Ford Motor Company announced today that it was acquiring two transportation software companies, Autonomic and TransLoc. It also announced it would be reorganizing its mobility subsidiary in a bid to accelerate the delivery of new products, like microtransit services and self-driving cars. The news comes as the automaker’s stocks remained stagnant despite a raft of high-profile announcements during CES and the Detroit Auto Show about its investment in mobility services and electric cars.
Ford didn’t disclose the sum of the acquisitions, but did say the two startups would help develop the automaker’s forthcoming Transportation Mobility Cloud, an open-sourced platform for cities and other transportation partners. Ford said it would expand its Chariot microtransit service to more cities this year, beyond the five cities in which it presently operates.
And would also be creating a new marketing and growth division, which will focus on global marketing efforts regarding its mobility businesses. The aim here is to increase visibility for its efforts, and to gain more buy-in not just from consumers, but also from city stakeholders, commercial partners, and more.
Lastly, Ford said it is creating a tech incubator called “Ford X,” which will serve as the automaker’s loosely-run R&D division that is separate from the business side of its Smart Mobility LLC.
In a conference call with reporters, Ford Mobility president Marcy Klevorn said the acquisition of Autonomic and TransLoc will help add to the talent pool that the company was building up around its mobility projects.
Buying Autonomic “help build out the value of the Transportation Mobility Cloud and help monetize that,” Klevorn said. “And then from TransLoc’s perspective, they’re really already selling products to cities, and have a good cities sales force there. We viewed that as a way to get a really fast start in those areas and build on the foundation that we’ve already laid.”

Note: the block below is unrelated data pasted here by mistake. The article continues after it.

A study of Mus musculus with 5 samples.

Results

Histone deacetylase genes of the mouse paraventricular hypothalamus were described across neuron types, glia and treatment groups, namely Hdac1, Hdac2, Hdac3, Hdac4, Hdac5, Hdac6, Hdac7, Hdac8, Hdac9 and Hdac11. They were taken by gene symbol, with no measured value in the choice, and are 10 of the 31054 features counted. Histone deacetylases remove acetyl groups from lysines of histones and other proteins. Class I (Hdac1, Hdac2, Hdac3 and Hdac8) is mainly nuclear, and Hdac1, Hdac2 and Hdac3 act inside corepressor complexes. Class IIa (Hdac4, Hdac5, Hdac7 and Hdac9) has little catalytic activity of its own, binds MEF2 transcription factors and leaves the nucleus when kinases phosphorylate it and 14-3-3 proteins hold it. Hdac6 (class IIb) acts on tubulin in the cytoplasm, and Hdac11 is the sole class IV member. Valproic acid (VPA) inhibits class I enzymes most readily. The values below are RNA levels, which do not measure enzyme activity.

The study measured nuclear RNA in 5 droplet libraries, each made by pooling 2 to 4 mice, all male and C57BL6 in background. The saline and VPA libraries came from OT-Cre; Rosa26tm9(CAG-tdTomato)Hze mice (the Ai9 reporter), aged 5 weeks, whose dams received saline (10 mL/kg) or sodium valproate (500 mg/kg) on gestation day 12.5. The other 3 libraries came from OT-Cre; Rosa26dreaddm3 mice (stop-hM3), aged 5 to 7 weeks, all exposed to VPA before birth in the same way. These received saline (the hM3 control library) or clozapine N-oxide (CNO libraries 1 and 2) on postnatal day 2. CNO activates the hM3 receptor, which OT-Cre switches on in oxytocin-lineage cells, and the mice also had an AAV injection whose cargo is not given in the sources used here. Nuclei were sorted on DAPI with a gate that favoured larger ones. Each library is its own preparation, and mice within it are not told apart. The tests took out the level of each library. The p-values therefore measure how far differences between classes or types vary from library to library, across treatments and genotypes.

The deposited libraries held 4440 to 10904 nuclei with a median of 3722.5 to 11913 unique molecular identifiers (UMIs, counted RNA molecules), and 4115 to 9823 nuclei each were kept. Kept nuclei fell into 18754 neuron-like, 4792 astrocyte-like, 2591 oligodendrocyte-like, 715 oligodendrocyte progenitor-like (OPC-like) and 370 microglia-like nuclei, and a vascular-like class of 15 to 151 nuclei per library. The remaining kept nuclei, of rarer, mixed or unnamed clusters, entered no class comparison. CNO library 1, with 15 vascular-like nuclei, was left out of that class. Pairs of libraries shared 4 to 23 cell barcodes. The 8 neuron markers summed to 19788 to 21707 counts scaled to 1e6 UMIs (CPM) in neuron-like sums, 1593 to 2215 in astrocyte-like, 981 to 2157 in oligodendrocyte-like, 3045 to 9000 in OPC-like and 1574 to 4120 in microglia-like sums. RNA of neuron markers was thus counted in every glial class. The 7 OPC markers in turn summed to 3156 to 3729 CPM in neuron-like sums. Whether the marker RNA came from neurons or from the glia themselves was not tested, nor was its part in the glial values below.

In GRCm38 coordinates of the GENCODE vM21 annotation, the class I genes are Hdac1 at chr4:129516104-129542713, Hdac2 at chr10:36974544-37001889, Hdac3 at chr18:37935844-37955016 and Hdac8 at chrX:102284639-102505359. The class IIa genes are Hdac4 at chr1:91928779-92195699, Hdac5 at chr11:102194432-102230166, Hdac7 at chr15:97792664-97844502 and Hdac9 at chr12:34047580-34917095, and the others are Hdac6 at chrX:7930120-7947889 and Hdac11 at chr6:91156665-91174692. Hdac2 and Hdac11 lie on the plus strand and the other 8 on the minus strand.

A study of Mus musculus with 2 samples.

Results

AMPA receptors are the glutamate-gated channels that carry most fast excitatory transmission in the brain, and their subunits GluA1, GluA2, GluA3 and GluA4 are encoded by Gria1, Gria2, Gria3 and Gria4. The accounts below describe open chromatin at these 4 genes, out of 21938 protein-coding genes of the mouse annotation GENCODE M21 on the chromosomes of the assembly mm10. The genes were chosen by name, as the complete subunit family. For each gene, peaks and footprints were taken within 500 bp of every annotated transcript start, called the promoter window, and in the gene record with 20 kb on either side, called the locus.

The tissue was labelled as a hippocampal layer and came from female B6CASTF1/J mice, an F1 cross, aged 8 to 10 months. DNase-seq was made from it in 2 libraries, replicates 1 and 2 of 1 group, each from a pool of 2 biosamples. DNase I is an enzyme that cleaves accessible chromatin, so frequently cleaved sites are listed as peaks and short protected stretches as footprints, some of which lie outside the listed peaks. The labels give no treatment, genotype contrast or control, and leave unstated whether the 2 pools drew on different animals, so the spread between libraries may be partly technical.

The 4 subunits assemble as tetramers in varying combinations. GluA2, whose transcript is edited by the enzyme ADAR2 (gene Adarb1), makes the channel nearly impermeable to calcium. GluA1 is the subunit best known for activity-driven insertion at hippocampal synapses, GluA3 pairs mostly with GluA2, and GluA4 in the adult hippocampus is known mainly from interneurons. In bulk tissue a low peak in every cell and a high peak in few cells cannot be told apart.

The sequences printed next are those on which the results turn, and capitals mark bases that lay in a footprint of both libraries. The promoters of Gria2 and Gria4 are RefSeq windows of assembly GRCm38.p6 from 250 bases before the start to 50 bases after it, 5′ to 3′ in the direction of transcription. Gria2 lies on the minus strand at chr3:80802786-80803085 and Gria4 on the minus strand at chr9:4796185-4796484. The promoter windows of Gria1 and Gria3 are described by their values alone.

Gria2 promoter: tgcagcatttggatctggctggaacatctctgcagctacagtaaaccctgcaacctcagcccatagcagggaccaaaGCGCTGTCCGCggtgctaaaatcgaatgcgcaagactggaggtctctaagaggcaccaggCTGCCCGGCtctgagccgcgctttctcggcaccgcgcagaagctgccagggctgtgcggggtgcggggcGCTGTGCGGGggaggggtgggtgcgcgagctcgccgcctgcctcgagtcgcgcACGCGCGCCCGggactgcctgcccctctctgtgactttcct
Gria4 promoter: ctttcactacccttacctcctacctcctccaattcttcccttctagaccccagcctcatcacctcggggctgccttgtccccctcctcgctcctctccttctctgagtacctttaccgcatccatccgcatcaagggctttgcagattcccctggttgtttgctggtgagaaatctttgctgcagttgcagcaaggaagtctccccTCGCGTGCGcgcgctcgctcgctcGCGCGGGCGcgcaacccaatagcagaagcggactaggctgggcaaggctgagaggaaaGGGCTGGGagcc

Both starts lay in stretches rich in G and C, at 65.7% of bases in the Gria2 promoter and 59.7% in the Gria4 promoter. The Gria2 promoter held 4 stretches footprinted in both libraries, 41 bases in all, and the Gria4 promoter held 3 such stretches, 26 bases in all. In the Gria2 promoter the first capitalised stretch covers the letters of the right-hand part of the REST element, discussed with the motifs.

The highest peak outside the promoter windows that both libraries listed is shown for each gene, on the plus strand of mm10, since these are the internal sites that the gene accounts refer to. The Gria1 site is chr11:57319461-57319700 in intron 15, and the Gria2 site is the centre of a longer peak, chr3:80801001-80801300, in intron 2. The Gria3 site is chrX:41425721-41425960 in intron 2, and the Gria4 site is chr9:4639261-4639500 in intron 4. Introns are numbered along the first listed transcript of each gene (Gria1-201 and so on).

Ford X will be overseen by Autonomic CEO Sunny Madra. Ford wouldn’t disclose how many employees would be on the team, nor how much money they would be allocated. “The concept is small dollars, small teams, short time frame, fast determination,” said Ford Mobility CFO Neil Schloss. “Some will fail, some will be gems. And the gems will scale, and that’s when the capital comes in. But the key here is to get the ideas processed really quickly and fail on some and win on others.”
Last October, Ford acquired a stake in Palo Alto-based Autonomic to build a basis for future iterations of mobility services. At CES in January, it announced its plans surrounding connected cars and self-driving delivery services, positioning itself as a sort-of operating system for the future of mobility. And at the North American International Auto Show in Detroit, Ford said it would more than double its investment in the production of electric vehicles, promising to spend $11 billion on the technology by 2022.
Whether these back-to-back-to-back announcements will help buoy Ford’s financial situation remains to be seen. The company remains strongly profitable, but its sales are stagnant, its costs have increased faster than expected, and its margins have failed to meet targets. In May 2017, Mark Fields was replaced by Jim Hackett as CEO amid a larger management shuffle. The company faces an uncertain path with support of its investors, and right now, Wall Street is paying more attention to Ford’s rivals, like GM, than to Ford itself.